Two years ago, Katie Faulkner's asthma was so bad that she gasped for breath after a few steps uphill. When her family went on holiday, they had to take an extra suitcase just to transport the drugs and nebuliser she needed to keep her condition under control.
Today,15-year old Katie, from Colchester, Essex, is able to run, swim and canoe and has just gained a bronze award for trampolining. Instead of pulling a nebuliser mask over her face every two or three hours, she uses small hand-held inhalers whenever she feels breathless.
The improvement, she and her family say, is down to her move to Pilgrims School in Seaford, East Sussex. Housed in a former school for children with tuberculosis who benefited from the sea air, the boarding school has, since 1955, been working educational and medical wonders for young asthma and eczema sufferers unable to attend mainstream establishments.
At the start of this term, however, parents and children were devastated to hear that the school is to close in December. I CAN, the small charity running Pilgrims, claims a dramatic fall in pupil numbers and a resulting operating shortfall of pounds 400,000 a year have made the school unviable.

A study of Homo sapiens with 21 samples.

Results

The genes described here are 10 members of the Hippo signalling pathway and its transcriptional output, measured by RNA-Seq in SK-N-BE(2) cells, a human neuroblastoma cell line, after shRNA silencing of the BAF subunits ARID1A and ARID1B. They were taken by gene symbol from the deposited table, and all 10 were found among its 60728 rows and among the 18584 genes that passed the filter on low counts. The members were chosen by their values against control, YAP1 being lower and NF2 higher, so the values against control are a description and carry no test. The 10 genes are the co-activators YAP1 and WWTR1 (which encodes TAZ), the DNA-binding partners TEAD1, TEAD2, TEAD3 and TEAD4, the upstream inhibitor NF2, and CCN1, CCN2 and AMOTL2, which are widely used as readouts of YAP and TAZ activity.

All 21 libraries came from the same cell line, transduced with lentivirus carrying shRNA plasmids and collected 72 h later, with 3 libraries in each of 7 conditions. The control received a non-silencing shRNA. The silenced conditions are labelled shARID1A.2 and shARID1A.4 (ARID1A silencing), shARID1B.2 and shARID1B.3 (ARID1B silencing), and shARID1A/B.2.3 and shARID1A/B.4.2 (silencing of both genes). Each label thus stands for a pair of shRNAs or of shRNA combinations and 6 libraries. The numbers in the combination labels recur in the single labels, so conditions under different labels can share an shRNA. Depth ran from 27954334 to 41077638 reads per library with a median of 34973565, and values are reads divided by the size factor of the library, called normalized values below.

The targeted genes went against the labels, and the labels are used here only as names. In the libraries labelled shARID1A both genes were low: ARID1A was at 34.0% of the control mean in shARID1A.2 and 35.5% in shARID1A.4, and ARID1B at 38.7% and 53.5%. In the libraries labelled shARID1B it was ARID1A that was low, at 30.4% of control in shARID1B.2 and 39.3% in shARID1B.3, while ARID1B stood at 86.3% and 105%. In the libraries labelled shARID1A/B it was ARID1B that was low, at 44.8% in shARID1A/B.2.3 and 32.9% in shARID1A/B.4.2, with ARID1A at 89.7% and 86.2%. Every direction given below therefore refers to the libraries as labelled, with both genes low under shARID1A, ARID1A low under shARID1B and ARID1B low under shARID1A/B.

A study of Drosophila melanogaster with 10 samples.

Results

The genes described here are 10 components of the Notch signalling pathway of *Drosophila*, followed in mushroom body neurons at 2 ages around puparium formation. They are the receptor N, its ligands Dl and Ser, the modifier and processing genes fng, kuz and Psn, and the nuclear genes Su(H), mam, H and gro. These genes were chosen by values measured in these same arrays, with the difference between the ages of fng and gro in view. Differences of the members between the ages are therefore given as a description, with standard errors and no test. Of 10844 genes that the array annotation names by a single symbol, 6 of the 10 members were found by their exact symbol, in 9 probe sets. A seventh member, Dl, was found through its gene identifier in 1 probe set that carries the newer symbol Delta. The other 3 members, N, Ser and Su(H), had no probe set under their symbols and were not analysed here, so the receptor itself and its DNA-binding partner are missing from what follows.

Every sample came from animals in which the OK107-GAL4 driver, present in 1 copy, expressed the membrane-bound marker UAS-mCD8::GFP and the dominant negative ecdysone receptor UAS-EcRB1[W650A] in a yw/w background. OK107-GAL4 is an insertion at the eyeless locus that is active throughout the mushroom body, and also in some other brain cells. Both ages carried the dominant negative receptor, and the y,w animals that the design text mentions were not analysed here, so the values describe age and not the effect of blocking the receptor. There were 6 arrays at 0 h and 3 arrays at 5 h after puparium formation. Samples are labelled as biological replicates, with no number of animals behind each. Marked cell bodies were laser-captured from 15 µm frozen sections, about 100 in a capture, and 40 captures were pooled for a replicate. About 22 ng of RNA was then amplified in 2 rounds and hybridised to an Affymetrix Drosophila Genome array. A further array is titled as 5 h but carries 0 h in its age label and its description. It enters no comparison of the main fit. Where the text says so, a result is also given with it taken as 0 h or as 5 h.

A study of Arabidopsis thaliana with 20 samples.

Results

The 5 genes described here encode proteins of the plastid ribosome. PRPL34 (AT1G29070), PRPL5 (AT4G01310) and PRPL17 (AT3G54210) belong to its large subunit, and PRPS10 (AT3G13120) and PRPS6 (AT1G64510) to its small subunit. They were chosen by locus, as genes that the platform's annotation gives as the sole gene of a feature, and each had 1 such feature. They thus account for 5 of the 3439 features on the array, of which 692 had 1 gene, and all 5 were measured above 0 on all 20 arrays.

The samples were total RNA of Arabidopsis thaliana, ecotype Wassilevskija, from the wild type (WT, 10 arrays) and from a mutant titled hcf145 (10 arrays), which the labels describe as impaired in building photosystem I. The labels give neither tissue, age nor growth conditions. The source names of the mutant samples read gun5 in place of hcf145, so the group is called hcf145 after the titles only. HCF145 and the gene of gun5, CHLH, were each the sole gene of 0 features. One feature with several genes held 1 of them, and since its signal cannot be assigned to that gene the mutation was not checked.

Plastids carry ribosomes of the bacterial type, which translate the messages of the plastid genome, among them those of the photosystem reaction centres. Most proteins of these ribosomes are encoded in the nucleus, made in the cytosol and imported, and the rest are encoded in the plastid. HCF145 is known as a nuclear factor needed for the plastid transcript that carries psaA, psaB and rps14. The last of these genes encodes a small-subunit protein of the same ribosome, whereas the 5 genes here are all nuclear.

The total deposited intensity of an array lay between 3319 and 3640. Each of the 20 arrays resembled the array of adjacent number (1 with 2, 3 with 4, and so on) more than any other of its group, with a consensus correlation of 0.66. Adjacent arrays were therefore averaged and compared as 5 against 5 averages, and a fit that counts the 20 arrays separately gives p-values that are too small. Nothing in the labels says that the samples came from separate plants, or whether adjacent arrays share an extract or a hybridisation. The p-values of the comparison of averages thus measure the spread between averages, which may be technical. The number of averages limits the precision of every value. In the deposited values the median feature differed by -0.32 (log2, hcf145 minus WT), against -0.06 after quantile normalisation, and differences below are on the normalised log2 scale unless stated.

Though there is capacity for 56 pupils, all of whom have access to round- the-clock medical care as well as a full education from 43 staff, only 21 places were confirmed at the start of the academic year. I CAN blames a combination of changes in the management of asthma and eczema, with an increasing emphasis on mainstream schooling, and severe funding pressures in local health and education services.
A statement yesterday described a "difficult decision taken with great sadness" but added: "Unfortunately to date nobody has been prepared to help us and we simply do not have the resources to continue to support the school alone."
Parents of Pilgrims pupils, who yesterday held a 25-strong demonstration outside I CAN's London offices, reject the charity's conclusion. They claim it allowed the school's profile to slip, doing too little to raise awareness of its facilities among parents of asthma suffers until it was too late. With each pupil bringing pounds 28,000 annually in funding from their local education authority, a full school would be perfectly viable, parents insist.
Patricia Faulkner, mother of Katie, said the school had immeasurably benefited her daughter, who had been struggling with just three hours' home tuition a week after illness forced her to leave her mainstream secondary school. She now faces a search for a suitable alternative school prepared to accept her, but fears she will have to return to home tuition.
Despite yesterday's protest, the closure plans remained unchanged last night. The families are now considering whether they could take over the school themselves.